Montage Of Credit Cards. (AP Graphic)


Well, if you’re doing that, but not using your credit card enough, you may be at risk of having it cancelled. And that  can cause big problems with your credit score, CBS 2’s Rob Johnson reports.

Kevin Hicks couldn’t believe it when, in early January, a Wells Fargo credit card with a $37,000 limit was suddenly cancelled by the bank.

“I was shocked. I’ve had that card for 10 years, and it’s a huge part of my credit score,” he said.

His credit score dropped 60 points to 705. Why?

DePaul University banking professor Rebel Cole says that can happen to anyone if a card with the longest history and the largest credit limit goes away.

According to myfico.com, how long you’ve had credit accounts for 15 percent of your credit score. How much credit you’re using, compared to how much you have available, makes up another 30 percent.

So, if your credit score suddenly dropped 60 points, say from 740 to 680, here’s how it would impact your ability to borrow money:

Your interest rate on a 60-month loan for a new $25,000 car would jump from just over 5 percent to nearly 9 percent. That means your monthly payment would increase from $472 to $516.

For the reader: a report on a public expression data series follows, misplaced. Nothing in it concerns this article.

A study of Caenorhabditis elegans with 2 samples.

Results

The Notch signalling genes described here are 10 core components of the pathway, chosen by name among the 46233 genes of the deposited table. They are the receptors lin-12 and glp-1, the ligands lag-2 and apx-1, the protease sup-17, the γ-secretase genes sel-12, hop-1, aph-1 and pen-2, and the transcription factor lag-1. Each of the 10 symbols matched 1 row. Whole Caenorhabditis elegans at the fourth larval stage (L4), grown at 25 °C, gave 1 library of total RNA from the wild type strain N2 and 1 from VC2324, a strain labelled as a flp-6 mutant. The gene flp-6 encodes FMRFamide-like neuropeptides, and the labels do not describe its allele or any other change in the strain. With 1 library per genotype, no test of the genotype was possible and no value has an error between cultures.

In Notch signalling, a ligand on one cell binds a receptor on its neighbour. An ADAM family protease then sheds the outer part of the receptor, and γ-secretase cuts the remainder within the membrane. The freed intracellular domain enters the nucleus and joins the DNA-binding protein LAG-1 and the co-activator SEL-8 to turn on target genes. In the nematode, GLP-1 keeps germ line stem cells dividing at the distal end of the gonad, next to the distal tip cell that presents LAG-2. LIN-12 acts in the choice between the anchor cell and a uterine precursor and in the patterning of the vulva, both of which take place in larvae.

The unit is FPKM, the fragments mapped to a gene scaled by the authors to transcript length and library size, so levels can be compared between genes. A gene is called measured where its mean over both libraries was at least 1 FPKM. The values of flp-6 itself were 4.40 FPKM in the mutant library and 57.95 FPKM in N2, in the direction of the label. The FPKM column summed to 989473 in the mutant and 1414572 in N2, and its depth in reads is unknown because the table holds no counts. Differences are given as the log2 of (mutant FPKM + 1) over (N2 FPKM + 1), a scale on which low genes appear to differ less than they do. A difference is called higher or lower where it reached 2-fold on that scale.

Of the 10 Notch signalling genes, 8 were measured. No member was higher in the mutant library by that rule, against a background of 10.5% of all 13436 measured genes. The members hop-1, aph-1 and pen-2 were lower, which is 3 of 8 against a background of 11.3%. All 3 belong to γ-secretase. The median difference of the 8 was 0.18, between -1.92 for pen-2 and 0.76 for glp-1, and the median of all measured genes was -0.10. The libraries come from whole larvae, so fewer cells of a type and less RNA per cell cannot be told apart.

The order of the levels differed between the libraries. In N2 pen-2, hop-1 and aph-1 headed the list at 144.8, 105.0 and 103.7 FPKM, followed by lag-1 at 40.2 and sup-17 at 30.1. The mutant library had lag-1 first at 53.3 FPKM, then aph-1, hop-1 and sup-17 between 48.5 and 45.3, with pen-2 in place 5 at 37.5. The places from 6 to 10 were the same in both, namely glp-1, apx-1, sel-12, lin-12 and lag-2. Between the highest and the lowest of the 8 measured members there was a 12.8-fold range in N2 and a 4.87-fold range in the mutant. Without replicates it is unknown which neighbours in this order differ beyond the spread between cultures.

Over the life of the loan, you’d pay an extra $2,600 dollars in interest.

Cole’s advice: Even if you pay your cards off in full every month, make sure you use them.

“You need to use your credit card to keep your credit score in good standing and to keep your credit available,” Cole says. “If you don’t use the credit, they’ll take it away from you and then you won’t have it available when you need it the most.”

Hicks understands now. His main option is to begin the painstaking process of rebuilding his credit.

This is just one of the unintended consequences of the new credit-card law that was intended to protect consumers. Cole says all the banks are required to do is to notify you, even as they are cancelling the card.   

Wells Fargo says banks are required to give 30 days’ notice.